Patient populations with low socioeconomic status (SES) experience psychological stress because of social determinants of health. Social determinants of health contribute to self-care—especially among patients with heart failure (HF).
We sought to describe the influence of stress and social determinants of health on self-care in patients with HF who have low SES.
In this mixed-methods, concurrent embedded study, participants (N = 35) were recruited from 2 urban hospitals in Chicago if they had low SES and were readmitted within 120 days of an exacerbation of HF. We conducted semistructured interviews to collect qualitative data about stressors associated with patients' living circumstances, strategies patients used to foster self-care, family dynamics, and coping strategies patients used to decrease stress. We measured psychological stress (Perceived Stress Scale [PSS-10]), and self-care (Self-care of Heart Failure Index). Content analysis was used to analyze the qualitative data, and descriptive statistics were used to describe the sample. In the final analytic phase, the qualitative and quantitative data were integrated.
Self-care was poor: 91.5% of participants had Self-care of Heart Failure Index subscale scores lower than 70. Perceived stress was high: 34% of participants had PSS-10 scores of 20 or higher. Several social determinants of health emerged as affecting self-care: financial stress, family personal health, past impactful deaths, and a recent stressful event (eg, child's death). Participants lived in areas with high crime and violence, and participants described many stressful events. However, among participants whose PSS-10 scores were lower than 20 (indicating lower stress), there was discordance among the description of factors impacting self-care and their PSS-10 score.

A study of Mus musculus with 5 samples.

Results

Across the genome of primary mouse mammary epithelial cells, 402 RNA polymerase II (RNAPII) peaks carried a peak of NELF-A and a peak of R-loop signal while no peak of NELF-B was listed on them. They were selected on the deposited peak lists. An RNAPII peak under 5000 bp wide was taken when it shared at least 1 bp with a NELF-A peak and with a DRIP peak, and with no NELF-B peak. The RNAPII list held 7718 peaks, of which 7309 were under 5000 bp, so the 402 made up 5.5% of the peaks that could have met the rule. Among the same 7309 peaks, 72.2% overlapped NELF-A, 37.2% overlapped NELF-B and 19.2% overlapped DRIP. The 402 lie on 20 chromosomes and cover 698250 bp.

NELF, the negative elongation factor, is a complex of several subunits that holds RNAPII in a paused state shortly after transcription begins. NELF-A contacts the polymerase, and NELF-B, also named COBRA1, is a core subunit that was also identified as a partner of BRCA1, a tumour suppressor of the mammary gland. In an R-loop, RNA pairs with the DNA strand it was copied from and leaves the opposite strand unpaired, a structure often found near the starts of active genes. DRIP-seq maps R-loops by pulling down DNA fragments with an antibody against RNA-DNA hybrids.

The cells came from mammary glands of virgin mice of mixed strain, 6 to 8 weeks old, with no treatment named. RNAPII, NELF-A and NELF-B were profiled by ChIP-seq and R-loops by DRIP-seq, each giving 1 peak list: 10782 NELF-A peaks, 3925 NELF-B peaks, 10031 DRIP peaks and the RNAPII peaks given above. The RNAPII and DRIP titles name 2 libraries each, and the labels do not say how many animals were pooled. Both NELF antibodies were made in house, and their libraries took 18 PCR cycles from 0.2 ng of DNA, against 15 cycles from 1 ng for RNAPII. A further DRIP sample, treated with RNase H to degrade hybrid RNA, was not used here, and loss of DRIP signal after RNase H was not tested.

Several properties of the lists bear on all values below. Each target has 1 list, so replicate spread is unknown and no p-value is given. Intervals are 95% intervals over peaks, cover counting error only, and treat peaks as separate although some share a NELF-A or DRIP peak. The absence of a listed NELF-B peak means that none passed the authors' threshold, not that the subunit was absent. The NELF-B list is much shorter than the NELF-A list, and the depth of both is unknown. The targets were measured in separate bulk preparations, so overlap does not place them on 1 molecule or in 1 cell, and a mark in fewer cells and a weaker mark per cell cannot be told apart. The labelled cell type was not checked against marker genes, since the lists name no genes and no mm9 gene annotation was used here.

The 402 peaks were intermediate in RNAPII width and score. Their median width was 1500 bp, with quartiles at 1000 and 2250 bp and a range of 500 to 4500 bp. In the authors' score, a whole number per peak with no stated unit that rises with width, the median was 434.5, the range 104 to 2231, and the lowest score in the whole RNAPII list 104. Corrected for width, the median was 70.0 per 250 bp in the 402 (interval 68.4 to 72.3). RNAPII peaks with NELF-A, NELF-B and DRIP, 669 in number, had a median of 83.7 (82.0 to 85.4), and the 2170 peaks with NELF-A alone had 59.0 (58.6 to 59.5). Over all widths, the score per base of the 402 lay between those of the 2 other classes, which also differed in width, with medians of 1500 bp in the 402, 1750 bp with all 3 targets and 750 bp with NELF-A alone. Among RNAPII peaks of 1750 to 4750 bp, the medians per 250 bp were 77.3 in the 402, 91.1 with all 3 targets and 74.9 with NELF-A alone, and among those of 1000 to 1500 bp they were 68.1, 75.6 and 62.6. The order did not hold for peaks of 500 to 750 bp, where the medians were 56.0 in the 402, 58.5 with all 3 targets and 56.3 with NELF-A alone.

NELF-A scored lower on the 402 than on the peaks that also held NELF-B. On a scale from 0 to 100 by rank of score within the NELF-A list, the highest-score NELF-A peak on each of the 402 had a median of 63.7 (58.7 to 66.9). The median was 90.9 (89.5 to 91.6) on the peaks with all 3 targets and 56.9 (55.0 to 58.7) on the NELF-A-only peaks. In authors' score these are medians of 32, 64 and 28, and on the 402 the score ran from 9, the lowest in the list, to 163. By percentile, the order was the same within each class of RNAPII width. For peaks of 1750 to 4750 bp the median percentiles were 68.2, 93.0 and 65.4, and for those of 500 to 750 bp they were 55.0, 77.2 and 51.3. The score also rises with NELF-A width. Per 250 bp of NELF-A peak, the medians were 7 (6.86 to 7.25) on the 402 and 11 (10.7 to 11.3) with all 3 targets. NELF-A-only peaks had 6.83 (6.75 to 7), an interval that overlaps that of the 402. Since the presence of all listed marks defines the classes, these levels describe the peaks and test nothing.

Social determinants of health negatively impact the ability of low-SES patients to manage their HF symptoms and adhere to a medication and dietary regimen. It is important that healthcare providers assess patients' stressors so appropriate referral to services can occur.
Carolyn Dickens, PhD, APRN Clinical Assistant Professor, Department of Medicine, College of Medicine, University of Illinois at Chicago.
Victoria Vaughan Dickson, PhD, RN FAHA, FAAN Associate Professor and Director, Pless Center for Research, Rory Meyers College of Nursing, New York, New York.
Mariann R. Piano, PhD, RN, FAHA, FAAN Nancy and Hilliard Travis Professor of Nursing Senior and Associate Dean for Research, Vanderbilt University School of Nursing, Nashville, Tennessee.
Funding sources: Heart Failure Society of America: Nursing Research Award University of Illinois College of Nursing: Seth Rosen Research Award.
The authors have no conflicts of interest to disclose.
Correspondence Carolyn Dickens, PhD, APRN, Department of Medicine, College of Medicine, University of Illinois at Chicago, 840 South Wood St, 10th Fl, Chicago IL 60612 (email@example.com).